Around the world, regulators and financial markets supervisors are increasing their scrutiny of how firms manage software risk and enterprise digital resilience.
The European Union, for example, is readying its Digital Operational resilience Act (DORA), which will require firms to put a formal technology governance framework in place and impose fines on firms whose software fails for avoidable reasons. (You can read a white paper on DORA and its impact – published by leading software testing services vendor Expleo, with research by QA Financial – here.)
We’ll be watching and reporting on further developments in the implementation of DORA, which was formally adopted as legislation by the European Council last November.
Meanwhile, here’s our round-up of important regulatory news announcements in February relating to software risk management – as we’ll describe it for convenience – at financial firms.
US Treasury’s Shambaugh praises DORA
During a February conference speech, Jay Shambaugh, the US Treasury under secretary for international affairs (pictured) spoke about the need to address challenges surrounding cybersecurity and operational resilience for the financial sector.
Shambaugh praised the EU digital operational resilience act (DORA), claiming it “overhauls the EU’s cybersecurity framework to meet the challenges of the modern era”. He went on to highlight the importance of collaboration with private sector institutions. “Securing the financial sector must be done in partnership with companies, who operate most of the financial sector’s critical infrastructure,” he said. ”It has been our priority to improve information sharing between the public and private sector over the last year”.
He concluded this section of the speech by outlining the need for international cooperation when dealing with the challenges posed. “We are committed to working with the private sector to address these challenges. And because cloud is a global technology, we should avoid international regulatory fragmentation that could make cloud services less secure and resilient. We’ve started initial conversations with our likeminded counterparts, including our friends in the EU, and hope to progress further in the coming months and years.”.
Full text available here.
US Treasury highlights cloud technology risks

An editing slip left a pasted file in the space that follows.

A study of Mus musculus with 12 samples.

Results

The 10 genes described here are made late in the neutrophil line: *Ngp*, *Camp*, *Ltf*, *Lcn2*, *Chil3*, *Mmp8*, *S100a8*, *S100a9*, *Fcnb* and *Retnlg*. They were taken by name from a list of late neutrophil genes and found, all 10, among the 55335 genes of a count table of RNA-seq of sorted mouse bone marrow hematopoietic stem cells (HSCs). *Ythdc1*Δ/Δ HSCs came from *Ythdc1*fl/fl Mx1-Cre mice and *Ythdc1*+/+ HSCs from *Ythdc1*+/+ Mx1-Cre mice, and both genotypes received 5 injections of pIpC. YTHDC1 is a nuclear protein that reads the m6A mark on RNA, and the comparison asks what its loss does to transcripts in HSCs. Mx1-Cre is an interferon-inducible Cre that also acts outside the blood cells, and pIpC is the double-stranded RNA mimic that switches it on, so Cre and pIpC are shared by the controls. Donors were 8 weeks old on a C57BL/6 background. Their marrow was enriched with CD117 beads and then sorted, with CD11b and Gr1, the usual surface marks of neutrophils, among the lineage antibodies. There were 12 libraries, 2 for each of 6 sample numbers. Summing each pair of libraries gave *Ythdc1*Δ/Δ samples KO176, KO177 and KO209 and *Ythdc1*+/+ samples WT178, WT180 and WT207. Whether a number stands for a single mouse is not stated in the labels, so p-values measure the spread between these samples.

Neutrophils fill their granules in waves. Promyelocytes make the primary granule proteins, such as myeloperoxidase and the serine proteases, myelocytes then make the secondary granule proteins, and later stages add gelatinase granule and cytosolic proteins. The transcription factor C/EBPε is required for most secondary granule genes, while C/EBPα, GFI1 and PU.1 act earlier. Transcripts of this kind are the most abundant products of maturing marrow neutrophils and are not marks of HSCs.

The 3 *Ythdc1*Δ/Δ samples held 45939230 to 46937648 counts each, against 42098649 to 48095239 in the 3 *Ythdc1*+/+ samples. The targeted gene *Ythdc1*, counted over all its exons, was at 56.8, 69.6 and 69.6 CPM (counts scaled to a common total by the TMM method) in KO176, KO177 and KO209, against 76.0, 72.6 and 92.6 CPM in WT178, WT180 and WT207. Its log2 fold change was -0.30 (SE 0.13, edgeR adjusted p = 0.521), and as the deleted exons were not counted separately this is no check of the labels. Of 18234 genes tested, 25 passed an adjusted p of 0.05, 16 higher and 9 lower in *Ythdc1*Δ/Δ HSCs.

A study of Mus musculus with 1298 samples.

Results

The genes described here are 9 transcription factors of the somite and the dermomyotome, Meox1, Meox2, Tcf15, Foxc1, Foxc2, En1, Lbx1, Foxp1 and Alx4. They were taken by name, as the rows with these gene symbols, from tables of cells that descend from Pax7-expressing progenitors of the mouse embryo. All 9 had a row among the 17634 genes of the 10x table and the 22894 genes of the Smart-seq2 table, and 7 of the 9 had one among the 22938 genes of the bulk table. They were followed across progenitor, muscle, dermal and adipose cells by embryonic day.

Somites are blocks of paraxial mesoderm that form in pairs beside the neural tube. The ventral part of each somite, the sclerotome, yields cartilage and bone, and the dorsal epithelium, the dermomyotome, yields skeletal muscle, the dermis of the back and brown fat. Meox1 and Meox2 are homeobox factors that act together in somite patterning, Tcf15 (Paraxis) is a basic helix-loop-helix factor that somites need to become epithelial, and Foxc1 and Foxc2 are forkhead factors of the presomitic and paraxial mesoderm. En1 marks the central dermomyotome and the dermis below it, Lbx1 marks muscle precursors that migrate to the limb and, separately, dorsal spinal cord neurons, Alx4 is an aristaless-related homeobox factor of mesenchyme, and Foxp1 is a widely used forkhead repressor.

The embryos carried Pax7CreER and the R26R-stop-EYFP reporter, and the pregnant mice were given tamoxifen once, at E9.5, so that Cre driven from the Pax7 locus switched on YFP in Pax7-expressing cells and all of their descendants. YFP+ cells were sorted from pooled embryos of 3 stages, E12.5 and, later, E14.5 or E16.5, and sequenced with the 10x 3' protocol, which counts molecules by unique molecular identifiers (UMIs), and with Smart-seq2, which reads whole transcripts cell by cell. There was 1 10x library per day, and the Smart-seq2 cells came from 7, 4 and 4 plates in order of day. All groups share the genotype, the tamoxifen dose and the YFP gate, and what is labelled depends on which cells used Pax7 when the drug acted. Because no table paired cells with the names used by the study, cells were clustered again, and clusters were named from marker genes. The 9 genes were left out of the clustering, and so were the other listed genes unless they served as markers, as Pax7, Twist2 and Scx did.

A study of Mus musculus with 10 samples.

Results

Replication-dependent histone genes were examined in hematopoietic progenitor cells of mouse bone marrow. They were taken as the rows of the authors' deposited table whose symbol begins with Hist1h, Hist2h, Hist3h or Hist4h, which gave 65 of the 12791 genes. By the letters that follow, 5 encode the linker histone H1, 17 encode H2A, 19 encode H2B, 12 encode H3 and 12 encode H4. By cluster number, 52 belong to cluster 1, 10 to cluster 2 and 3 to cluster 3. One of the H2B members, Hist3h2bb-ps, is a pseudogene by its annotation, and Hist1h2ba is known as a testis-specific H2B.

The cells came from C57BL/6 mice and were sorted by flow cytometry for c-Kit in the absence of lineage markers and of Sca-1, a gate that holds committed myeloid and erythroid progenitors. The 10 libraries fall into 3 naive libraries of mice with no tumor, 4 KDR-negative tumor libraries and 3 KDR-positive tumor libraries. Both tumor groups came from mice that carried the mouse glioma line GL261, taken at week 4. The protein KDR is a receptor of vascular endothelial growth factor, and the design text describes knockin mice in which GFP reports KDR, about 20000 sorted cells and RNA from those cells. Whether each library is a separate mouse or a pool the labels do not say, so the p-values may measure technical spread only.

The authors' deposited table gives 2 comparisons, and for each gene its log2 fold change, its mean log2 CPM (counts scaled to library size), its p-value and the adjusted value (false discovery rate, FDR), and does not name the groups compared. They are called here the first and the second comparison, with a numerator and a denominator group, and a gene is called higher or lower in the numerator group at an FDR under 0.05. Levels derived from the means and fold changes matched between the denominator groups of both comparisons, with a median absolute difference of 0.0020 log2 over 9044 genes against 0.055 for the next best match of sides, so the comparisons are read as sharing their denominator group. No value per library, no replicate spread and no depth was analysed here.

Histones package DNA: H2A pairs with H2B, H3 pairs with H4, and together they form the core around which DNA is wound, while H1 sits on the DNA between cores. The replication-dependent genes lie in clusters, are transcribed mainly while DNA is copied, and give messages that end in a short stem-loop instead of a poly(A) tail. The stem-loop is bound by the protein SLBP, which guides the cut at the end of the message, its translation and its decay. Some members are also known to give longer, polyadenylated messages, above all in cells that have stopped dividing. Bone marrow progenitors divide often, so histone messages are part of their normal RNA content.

The US Department of the Treasury released a report outlining its views on the benefits and challenges associated with the adoption of cloud technologies by financial sector institutions.
The report found that cloud services could improve the resilience and security of financial institutions, and identified a number of significant challenges:
– Lack of transparency concerning the details of incidents impacting their systems hinders due diligence and monitoring by financial institutions.
– Workforce talent shortages may hinder the adoption of cloud services by financial institutions.
– Increased exposure to incidents originating from a cloud service provide.
– Potential broad-market impacts of the highly concentrated cloud service provider marketplace.
– The highly concentrated nature of the cloud service marketplace may increase the difficulty of negotiation for financial firm.
– The complexity of the global regulatory landscape for cloud technology may provide difficulty in scaling up cloud-integrated offerings.
The full report proposes recommendations for the secure and responsible adoption of cloud technologies by financial institutions.
The full US Treasury report is available here
NIST launches AI risk management framework playbook
The US National Institute of Standards and Technology (NIST) has launched a GitHub hosted playbook which suggests ways to utilise the recently released AI risk management framework version 1.0 (AI RMF 1.0), which provides guidance for organisations on best practices to design and manage trustworthy and reliable artificial intelligence systems. NIST has announced that it will continue to take comments on the playbook, reviewing and integrating these semi-annually.
The hope is that this iterative approach will enable the framework to continue to adapt to the ongoing changes in technology and understanding, NIST said.
Link to the playbook available here
Bank of England publishes outsourcing policy
The Bank of England has published its policy on outsourcing and third-party risk management for financial market infrastructures. The new policy takes the form of a series of supervisory statements and an addition to its Code of Practice.
The new policy aims to outline the bank’s requirements in relation to outsourcing and third-party risk management and build upon the Bank of England’s response to the future of finance report, by helping to facilitate the adoption of cloud and other technologies.
Full policy details available here
UK government calls for views on software resilience and security
The UK government has called for views on software resilience and security from relevant organisations to begin to understand how best to address software-associated risks and create a more resilient digital environment, it claims.
This could signal a continuation of the trend towards increased regulatory oversight for the sector.
Full publication available here
EU regulators set new deadline for Broadcom bid for VMware
EU antitrust regulators have set a deadline of June 7th to make a final decision on whether to clear or block the deal for San Jose headquartered technology company Broadcom’s $61bn bid for cloud computing provider VMware. The announcement follows the resumption of the EU’s investigation, which was temporarily postponed on January 31st.